Let’s see what we can do to take down those nasty Raptors.
#1 – Perilous Vault
UB Control or Esper Dragons are great decks, but they suffer too much from Den Protectors and Deathmist Raptor’s recursion. What if we replace Crux of Fate with Perilous Vault so once they are dead they will never come back?
Incidentally, Perilous Vault helps against Abzan, but at the expense of a slight worse matchup against Mono-Red, especially in game 1.
This is what I’m testing these days:
Even though Foul-Tongue Invocation isn’t great against an Elvish Mystic-based deck, it’s a must-include to answer all the Fleecemane Lions/ Rakshasa Deathdealers around, and the ability to gain 4 life is essential at times. My inclination is to play 3 edicts maindeck plus 1 more in the sideboard.
The rest of the deck is pretty straightforward, but it’s important to understand that the 2 Perilous Vaults are the real trump for this metagame, and with 4 Dig Through Time you’ll always have access to one.
#2 – Elspeth, Sun’s Champion
GW Company and Bant Midrange simply scoop to this card. The only way to get through her is Den Protector, but it shouldn’t be difficult for you to find a removal spell.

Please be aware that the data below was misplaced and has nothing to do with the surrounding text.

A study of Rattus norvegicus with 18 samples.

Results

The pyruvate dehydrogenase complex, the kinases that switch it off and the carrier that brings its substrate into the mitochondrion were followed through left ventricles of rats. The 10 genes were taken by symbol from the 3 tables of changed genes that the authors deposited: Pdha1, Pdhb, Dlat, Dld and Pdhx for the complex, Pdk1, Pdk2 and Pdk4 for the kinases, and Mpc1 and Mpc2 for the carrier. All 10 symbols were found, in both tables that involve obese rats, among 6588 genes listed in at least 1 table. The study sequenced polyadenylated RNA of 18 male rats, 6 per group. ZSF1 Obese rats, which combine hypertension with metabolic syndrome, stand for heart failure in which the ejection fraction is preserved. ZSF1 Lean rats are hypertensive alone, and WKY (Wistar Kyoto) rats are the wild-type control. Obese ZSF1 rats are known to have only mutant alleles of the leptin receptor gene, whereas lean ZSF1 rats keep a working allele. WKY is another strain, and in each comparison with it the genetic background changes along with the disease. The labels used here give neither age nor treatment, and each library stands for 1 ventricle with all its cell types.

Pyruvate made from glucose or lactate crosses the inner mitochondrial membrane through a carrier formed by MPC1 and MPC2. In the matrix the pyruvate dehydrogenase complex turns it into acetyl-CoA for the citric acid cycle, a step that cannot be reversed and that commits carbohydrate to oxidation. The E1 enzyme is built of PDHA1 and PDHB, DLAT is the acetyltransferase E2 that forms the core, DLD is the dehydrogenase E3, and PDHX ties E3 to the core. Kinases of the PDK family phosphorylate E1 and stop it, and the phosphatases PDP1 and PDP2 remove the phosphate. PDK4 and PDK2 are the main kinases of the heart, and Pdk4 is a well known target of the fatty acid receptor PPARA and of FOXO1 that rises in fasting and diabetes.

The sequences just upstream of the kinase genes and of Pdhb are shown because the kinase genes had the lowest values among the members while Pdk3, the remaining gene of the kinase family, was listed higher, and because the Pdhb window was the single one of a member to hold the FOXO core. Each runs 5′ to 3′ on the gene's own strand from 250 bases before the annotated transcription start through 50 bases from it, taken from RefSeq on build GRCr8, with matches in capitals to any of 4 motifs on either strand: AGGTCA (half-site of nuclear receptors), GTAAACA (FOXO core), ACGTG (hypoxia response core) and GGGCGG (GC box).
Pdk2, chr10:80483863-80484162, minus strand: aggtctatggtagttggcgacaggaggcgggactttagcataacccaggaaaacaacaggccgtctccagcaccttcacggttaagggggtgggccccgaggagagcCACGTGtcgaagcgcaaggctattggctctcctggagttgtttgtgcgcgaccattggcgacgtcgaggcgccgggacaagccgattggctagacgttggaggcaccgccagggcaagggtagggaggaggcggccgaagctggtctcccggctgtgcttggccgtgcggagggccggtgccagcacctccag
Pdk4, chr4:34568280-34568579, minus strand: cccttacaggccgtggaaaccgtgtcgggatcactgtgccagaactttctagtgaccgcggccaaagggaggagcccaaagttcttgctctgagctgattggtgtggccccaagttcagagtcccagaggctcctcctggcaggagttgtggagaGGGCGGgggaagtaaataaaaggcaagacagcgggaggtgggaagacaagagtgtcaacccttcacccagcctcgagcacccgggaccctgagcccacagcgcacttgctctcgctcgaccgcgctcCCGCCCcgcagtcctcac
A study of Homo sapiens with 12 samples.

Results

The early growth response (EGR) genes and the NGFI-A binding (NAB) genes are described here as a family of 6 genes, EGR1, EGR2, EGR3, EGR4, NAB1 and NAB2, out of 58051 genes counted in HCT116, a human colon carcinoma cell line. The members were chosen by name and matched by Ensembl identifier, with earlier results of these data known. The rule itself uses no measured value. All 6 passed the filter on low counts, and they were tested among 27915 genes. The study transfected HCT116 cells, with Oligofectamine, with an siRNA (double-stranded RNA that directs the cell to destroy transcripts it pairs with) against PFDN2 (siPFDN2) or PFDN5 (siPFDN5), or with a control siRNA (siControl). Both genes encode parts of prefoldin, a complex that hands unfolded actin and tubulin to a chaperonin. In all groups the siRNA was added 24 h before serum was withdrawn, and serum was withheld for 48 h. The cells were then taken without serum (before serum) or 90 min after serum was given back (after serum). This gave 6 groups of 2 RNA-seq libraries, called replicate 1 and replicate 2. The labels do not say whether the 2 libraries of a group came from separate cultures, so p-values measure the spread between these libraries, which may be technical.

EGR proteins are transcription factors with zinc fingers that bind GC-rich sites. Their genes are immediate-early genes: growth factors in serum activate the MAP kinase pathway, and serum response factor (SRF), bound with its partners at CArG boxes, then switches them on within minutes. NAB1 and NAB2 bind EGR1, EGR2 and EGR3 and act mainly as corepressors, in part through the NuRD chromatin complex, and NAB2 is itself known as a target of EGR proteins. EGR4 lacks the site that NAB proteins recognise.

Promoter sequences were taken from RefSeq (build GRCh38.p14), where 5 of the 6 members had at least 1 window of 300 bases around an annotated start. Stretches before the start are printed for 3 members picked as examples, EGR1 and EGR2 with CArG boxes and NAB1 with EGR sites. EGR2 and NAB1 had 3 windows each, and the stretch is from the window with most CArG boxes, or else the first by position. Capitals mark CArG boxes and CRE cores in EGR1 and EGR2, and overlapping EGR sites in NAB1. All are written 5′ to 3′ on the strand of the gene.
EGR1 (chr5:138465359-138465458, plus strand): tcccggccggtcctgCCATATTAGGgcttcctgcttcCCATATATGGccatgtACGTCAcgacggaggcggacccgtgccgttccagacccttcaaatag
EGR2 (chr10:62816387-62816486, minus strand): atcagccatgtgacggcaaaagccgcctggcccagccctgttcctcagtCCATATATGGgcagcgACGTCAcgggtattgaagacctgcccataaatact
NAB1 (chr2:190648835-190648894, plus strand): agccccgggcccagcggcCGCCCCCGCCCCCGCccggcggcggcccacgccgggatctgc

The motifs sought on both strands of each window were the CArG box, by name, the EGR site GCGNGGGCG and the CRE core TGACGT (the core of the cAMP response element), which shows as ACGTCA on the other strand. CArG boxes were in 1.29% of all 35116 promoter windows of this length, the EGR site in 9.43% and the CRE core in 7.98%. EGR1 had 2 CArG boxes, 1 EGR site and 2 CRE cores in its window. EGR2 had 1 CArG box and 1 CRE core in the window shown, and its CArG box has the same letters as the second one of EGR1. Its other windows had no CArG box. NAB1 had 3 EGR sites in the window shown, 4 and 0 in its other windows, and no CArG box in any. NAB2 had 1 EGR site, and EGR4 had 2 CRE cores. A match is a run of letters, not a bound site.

There are very few decks that are currently playing Elspeth, Abzan Control is one of them and it’s very well-matched against Deathmist Raptor decks.
Here’s the deck list that I played at GP Paris, to a poor finish, but I still think that it’s very solid:
Against the Abzan version of megamorph it’s even easier since they don’t have any countermagic, and discard spells can’t prevent your topdecks or Den Protectors.
#3 – Anafenza, the Foremost and Wingmate Roc
Anafenza, the Foremost breaks the recursion with Deathmist Raptor and makes Den Protector far worse.
Wingmate Roc is going to shine again, right now it’s an awesome evasive card that can fly over most other decks. It can be stopped by a Dragonlord Ojutai, but with 4 copies of Abzan Charm you can easily attack into it.
This is the Amand Dosimont deck list, the winner of GP Paris:
#4 – Anger of the Gods
This card hasn’t seen much play so far, but right now it’s one of the best answers in format.
Edgar Magalhaes reached the finals of GP Toronto with 4 copies of this card in the sideboard of Mardu Dragons, and in his deck does what Crux of Fate does for Esper Dragons: it lets you play your threats even before the sweeper to force your opponent to overextend.
Dezani and many other good players played Mardu Dragons in GP Paris. None of them reached the Top 16, but his deck list could be a good starting point:
The bottom line is that Deathmist Raptor is the real deal and you can’t really go to a tournament unprepared to face it, but I hope I’ve given you enough food for thought to defeat it.